Germany’s Social Democratic Party is stepping up its attacks on Chancellor Angela Merkel’s response to the U.S. surveillance scandal, as the opposition spots a campaign opportunity to turn around its electoral fortunes.
SPD chancellor candidate Peer Steinbrueck used a weekend interview on the disclosures of mass surveillance to accuse Merkel of breaking her oath to protect the German people. SPD Chief Whip Thomas Oppermann escalated the criticism yesterday, slamming the chancellor’s conciliatory tone as she reiterated that privacy concerns must be balanced by security prerogatives. Committee lawmakers broke off their summer vacation to quiz the interior minister on the latest developments in Berlin today.
“This is a scandal that people get emotional about,” Jan Techau, head of the Carnegie Endowment’s Brussels office, said by phone from the Belgian capital. “There is some potential political juice in it that you try to squeeze out, for sure.”
The SPD push over the U.S. National Security Agency’s spying activity reflects Steinbrueck’s search for a successful weapon against Merkel less than 10 weeks before election that will determine whether she wins a third term. To date, his policies including tax increases for the wealthy, rent controls and a clampdown on banking practices the SPD deems risky have failed to buoy the party or dent the chancellor’s popularity.
With the SPD trailing Merkel’s Christian Democratic bloc by as many as 18 percentage points, that leaves Steinbrueck to try and turn the spying affair to his advantage in his quest to gain traction with voters before the Sept. 22 ballot.
“We want to know what the government knows about the surveillance activity of the U.S. in Germany,” Oppermann, the SPD chairman of a parliamentary panel that oversees intelligence matters, said yesterday in an interview with ARD television. Merkel “doesn’t seem to care,” he said. “Obviously she wants to sit out this affair.”
Whereas Merkel says Germany must wait for the U.S. to declassify NSA files on spy programs before it reaches a conclusion about the scale of the activities, the SPD and its Green Party allies are demanding that she be more resolute. They say her government should have been aware of the scale of programs such as Prism, which mines data from technology companies, and must press the U.S. for answers.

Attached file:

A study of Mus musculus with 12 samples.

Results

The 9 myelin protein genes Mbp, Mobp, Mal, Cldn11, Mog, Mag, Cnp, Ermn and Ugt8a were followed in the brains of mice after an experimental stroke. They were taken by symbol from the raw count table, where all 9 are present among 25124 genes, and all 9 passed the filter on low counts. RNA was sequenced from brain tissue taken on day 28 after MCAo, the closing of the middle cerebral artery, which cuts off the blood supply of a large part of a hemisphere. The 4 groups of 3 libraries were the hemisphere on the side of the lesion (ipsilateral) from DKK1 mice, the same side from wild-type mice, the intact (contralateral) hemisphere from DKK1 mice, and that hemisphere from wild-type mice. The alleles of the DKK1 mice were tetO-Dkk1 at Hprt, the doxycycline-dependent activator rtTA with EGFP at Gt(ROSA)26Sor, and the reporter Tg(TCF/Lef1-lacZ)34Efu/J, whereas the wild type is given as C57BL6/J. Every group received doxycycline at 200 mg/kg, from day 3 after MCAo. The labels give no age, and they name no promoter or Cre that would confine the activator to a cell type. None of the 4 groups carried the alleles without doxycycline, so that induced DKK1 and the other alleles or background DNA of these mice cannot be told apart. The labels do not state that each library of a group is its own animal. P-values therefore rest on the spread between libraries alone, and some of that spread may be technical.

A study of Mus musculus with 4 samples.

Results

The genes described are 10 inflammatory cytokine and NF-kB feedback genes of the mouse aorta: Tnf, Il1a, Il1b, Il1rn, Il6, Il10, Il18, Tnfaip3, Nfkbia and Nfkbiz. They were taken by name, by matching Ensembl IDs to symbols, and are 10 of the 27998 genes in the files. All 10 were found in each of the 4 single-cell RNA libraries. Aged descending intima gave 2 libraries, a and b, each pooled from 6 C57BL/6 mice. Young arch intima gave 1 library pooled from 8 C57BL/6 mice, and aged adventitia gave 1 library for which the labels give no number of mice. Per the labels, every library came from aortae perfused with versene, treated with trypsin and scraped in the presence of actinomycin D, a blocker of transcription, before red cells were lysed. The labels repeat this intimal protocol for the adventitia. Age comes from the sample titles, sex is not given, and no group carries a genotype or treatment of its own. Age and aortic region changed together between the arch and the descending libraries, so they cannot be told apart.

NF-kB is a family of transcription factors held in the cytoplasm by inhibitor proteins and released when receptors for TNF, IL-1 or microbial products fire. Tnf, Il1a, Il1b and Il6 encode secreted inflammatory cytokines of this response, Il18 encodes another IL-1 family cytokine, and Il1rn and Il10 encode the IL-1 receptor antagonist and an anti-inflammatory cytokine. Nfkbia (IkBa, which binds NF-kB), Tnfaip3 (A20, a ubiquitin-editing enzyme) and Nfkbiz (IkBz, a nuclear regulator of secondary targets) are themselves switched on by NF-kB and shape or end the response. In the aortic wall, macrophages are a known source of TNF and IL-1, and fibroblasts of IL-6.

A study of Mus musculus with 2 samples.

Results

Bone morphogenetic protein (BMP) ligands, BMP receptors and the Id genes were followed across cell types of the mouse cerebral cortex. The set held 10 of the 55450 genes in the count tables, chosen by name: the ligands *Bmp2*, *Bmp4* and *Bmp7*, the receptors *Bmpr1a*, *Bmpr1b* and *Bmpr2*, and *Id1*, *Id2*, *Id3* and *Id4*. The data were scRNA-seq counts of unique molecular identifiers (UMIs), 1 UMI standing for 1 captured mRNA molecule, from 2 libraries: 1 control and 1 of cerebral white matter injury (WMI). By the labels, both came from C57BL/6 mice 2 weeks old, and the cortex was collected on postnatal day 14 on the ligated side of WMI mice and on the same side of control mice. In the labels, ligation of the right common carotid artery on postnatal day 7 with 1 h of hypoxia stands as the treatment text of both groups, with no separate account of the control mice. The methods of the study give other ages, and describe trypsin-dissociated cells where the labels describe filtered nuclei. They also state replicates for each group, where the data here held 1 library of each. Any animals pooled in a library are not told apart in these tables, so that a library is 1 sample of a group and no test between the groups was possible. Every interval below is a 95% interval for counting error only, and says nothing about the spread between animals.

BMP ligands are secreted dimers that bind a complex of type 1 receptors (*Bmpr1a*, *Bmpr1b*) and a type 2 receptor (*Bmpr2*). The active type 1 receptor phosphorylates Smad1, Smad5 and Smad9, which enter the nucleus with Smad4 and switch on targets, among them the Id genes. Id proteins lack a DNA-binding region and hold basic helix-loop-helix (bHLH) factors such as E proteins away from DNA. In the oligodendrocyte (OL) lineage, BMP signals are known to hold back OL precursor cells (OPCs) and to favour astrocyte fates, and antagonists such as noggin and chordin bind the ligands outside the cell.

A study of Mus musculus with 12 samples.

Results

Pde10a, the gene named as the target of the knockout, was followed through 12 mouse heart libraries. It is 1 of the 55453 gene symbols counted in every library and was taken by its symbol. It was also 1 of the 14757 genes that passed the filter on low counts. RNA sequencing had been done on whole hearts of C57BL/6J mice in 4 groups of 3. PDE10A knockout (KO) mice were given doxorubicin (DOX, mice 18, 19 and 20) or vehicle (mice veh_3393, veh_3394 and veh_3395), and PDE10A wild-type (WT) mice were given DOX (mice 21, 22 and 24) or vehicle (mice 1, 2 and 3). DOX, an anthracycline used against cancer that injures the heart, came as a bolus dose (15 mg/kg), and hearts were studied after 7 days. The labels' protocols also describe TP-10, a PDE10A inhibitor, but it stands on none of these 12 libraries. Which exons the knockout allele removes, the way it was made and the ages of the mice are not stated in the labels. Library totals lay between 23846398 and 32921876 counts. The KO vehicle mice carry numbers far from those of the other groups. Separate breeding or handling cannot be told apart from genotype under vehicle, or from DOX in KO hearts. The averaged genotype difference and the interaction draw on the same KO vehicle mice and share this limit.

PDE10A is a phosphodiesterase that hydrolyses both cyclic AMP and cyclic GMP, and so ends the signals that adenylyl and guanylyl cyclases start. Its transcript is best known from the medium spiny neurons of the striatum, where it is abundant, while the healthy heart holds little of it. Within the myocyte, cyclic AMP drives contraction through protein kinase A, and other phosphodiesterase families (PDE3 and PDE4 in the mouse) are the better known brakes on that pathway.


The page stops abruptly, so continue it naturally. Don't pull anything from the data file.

The opposition has also targeted Interior Minister Hans-Peter Friedrich, who returned from a fact-finding mission in the U.S. at the weekend and initially defended the surveillance measures for halting terrorist attacks in Europe. Steinbrueck, speaking in a Bild newspaper interview published July 14, called Friedrich’s visit a “complete insult.”
Friedrich appeared in private yesterday in front of the Parliamentary Control Panel, a body of nine legislators that oversees intelligence issues headed by the SPD’s Oppermann. He is due to brief the lower-house Interior Affairs Committee in private today on the government’s actions so far and its approach to the surveillance.
“The SPD and Greens believe they’ve finally found the campaign ammunition with which they can put the chancellor under pressure,” Wolfgang Bosbach, a lawmaker with Merkel’s CDU who heads the committee, said by phone yesterday. “It only shows how desperate the parties are. Obviously they don’t believe anymore that they can score on other issues.”
Merkel’s CDU/CSU bloc held at 41 percent for the fourth straight week in a Forsa poll for Stern magazine released today. That compared to 23 percent for the SPD, up 1 percentage point on the week though still less than the 27 percent support at the turn of the year, underscoring Steinbrueck’s challenge in appealing to voters with his campaign of social justice.
The Greens, which governed as junior coalition partner in an SPD-led government from 1998 to 2005, dropped a point to 14 percent, while Merkel’s Free Democratic partner also held at 5 percent for a fourth week. Forsa polled 2,502 voters on July 8-13. The margin of error was about 2.5 percentage points.
German officials have bridled nevertheless at revelations about the surveillance programs. Merkel’s top spokesman said July 1 that “we aren’t in the Cold War anymore,” following allegations that the NSA had spied on European Union diplomats.
Merkel pushed back this week by demanding that U.S. personnel adhere to German data-protection law when operating on German soil and pressing for companies such as Google Inc. and Facebook Inc. to disclose with whom they share data.
For all the opposition fury and media attention, the SPD will probably find it challenging to successfully confront the chancellor on the issue, Manfred Guellner, head of Berlin-based pollster Forsa, said in a telephone interview.
“It’s too abstract,” Guellner said. “If Steinbrueck says that Merkel broke her oath of office, the people don’t understand that at all.”